It’s not every day we get a glimpse into what it takes for a cryptocurrency to get a listing on a major exchange. But today we learn the lengths that Ripple, the No. 3 digital coin by market cap, would go to get its XRP coin listed on the leading trading platforms alongside bitcoin and Ethereum.
According to a report in Bloomberg, the cross-border payments startup is willing to pay millions to get XRP listed on the US trading platforms where there’s the most liquidity. The report says that Ripple offered “financial incentives” to bitcoin exchanges Gemini of Winklevoss twins fame as well as Coinbase in exchange for a listing. It’s standard procedure to pay for a listing in the equities markets, but not necessarily the loosely unregulated cryptocurrency markets.
Ripple reportedly offered $1 million cash money to Gemini for a Q3 2017 listing and proposed a loan of $100 million in XRP to Coinbase with which investors could trade on the exchange. The report suggests that Ripple would have taken repayment either in fiat money or XRP, which would have given the US-based exchange an opportunity to profit from the deal.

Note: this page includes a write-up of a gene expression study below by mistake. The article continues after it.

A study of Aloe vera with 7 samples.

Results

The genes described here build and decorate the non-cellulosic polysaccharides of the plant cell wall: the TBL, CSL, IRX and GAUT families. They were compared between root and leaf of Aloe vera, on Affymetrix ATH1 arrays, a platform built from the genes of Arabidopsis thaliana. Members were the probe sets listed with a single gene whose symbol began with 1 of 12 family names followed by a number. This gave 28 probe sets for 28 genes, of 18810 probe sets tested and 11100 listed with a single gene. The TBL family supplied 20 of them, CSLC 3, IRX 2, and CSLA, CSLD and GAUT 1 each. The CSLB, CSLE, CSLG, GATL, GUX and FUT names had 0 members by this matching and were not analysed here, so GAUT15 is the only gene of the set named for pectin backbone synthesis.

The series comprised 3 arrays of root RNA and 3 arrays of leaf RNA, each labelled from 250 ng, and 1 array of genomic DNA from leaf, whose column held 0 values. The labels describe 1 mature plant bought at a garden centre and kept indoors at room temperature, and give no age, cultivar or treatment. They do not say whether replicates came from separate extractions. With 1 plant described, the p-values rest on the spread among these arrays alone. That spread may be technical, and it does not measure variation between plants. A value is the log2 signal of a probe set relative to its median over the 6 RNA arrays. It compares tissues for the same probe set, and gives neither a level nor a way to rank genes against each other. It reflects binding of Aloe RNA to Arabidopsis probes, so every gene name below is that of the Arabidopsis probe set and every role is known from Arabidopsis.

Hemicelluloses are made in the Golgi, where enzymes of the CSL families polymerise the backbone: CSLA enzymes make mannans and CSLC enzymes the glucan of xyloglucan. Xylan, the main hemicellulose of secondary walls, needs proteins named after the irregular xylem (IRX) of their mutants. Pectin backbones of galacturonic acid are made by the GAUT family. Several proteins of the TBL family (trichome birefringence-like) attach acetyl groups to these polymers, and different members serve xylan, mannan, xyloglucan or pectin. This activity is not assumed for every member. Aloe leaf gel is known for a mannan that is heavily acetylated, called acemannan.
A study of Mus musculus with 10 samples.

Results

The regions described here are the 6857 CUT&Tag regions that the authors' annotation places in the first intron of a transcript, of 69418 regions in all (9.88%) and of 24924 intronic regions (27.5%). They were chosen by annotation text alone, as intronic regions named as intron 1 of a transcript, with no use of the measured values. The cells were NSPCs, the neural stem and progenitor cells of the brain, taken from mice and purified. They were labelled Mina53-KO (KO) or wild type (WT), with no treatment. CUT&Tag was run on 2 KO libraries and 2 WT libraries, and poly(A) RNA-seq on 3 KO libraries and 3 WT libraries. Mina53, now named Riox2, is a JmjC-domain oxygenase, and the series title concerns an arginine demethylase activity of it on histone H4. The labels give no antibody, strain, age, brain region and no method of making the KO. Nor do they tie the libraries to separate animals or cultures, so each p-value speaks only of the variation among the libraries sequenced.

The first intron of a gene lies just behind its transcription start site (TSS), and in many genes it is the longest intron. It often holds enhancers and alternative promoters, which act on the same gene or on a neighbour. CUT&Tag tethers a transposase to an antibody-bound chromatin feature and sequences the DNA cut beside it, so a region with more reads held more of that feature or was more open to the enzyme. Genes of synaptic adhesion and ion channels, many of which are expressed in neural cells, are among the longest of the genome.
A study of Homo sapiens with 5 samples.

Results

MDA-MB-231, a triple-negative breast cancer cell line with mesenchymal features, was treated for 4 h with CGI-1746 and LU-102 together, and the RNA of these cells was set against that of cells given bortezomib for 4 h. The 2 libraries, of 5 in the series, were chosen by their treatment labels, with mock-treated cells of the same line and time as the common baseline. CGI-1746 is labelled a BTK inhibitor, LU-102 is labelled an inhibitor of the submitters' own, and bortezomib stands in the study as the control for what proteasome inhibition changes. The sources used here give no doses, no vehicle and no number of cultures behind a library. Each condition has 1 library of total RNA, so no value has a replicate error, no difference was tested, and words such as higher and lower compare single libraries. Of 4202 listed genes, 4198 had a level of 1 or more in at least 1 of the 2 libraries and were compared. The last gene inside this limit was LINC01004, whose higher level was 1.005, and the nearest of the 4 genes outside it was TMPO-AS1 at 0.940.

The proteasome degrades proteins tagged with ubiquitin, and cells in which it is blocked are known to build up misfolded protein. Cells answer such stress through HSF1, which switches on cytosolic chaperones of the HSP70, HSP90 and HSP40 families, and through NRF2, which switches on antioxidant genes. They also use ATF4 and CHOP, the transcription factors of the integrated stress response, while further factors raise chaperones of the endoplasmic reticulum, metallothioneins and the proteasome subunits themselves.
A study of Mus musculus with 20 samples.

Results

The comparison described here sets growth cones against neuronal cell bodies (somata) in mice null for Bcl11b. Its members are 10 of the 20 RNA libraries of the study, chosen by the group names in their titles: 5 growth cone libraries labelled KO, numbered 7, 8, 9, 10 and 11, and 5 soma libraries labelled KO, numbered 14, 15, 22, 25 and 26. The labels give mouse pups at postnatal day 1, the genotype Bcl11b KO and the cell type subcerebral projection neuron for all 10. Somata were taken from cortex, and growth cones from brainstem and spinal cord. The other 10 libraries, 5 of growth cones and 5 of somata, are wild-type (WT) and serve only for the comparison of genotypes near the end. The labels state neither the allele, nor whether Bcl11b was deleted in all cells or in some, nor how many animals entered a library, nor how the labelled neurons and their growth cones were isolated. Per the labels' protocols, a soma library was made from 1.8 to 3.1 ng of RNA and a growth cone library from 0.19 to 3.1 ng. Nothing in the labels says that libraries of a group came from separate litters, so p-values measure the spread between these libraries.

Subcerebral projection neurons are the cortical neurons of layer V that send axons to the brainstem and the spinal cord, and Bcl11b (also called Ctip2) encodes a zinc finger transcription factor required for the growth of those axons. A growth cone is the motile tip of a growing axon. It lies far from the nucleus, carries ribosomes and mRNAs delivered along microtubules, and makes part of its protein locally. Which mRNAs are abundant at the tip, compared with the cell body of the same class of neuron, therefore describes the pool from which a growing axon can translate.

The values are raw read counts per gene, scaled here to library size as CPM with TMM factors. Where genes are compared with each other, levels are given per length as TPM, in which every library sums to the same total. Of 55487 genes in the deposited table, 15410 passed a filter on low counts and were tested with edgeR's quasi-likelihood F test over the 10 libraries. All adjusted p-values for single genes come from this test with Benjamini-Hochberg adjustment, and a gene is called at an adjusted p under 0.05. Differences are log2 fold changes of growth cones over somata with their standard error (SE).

A Ripple spokesperson denied some of the details, though which ones are unclear, telling Bloomberg: “We want XRP to be the most liquid digital asset possible to enable faster, cheaper global payments.”
But market participants worry that when US policymakers clarify the regulatory framework for cryptocurrencies, XRP will fall in the securities camp. Meanwhile, the greater the speculation that more leading exchanges will support XRP, the more the digital coin’s price has benefited, such as at year-end 2017 and last month, for instance.
It’s not that traders don’t want XRP, as they have been demanding it on forums and in social media. But Ripple hasn’t been able to secure a listing on these major US trading platforms. This despite the fact that San Francisco-based Ripple has been the one blockchain startup that’s been able to bridge the gap between cryptocurrency companies and traditional banks around the world.
According to Autonomous Research, it can cost an issuer anywhere from $1 million to $3 million for a listing, with the higher end of the spectrum providing faster access to liquidity. An attorney cited in the Bloomberg story says what Ripple proposed to Coinbase and Gemini may very well be legal.
But where the gray area comes in is whether or not XRP gets characterized as a security token, in which case that muddies the water. For instance, if regulators decide XRP is an unregulated security, as they’ve been labeling some ICO tokens of late, it could lead to problems both for Ripple and the exchanges that support it.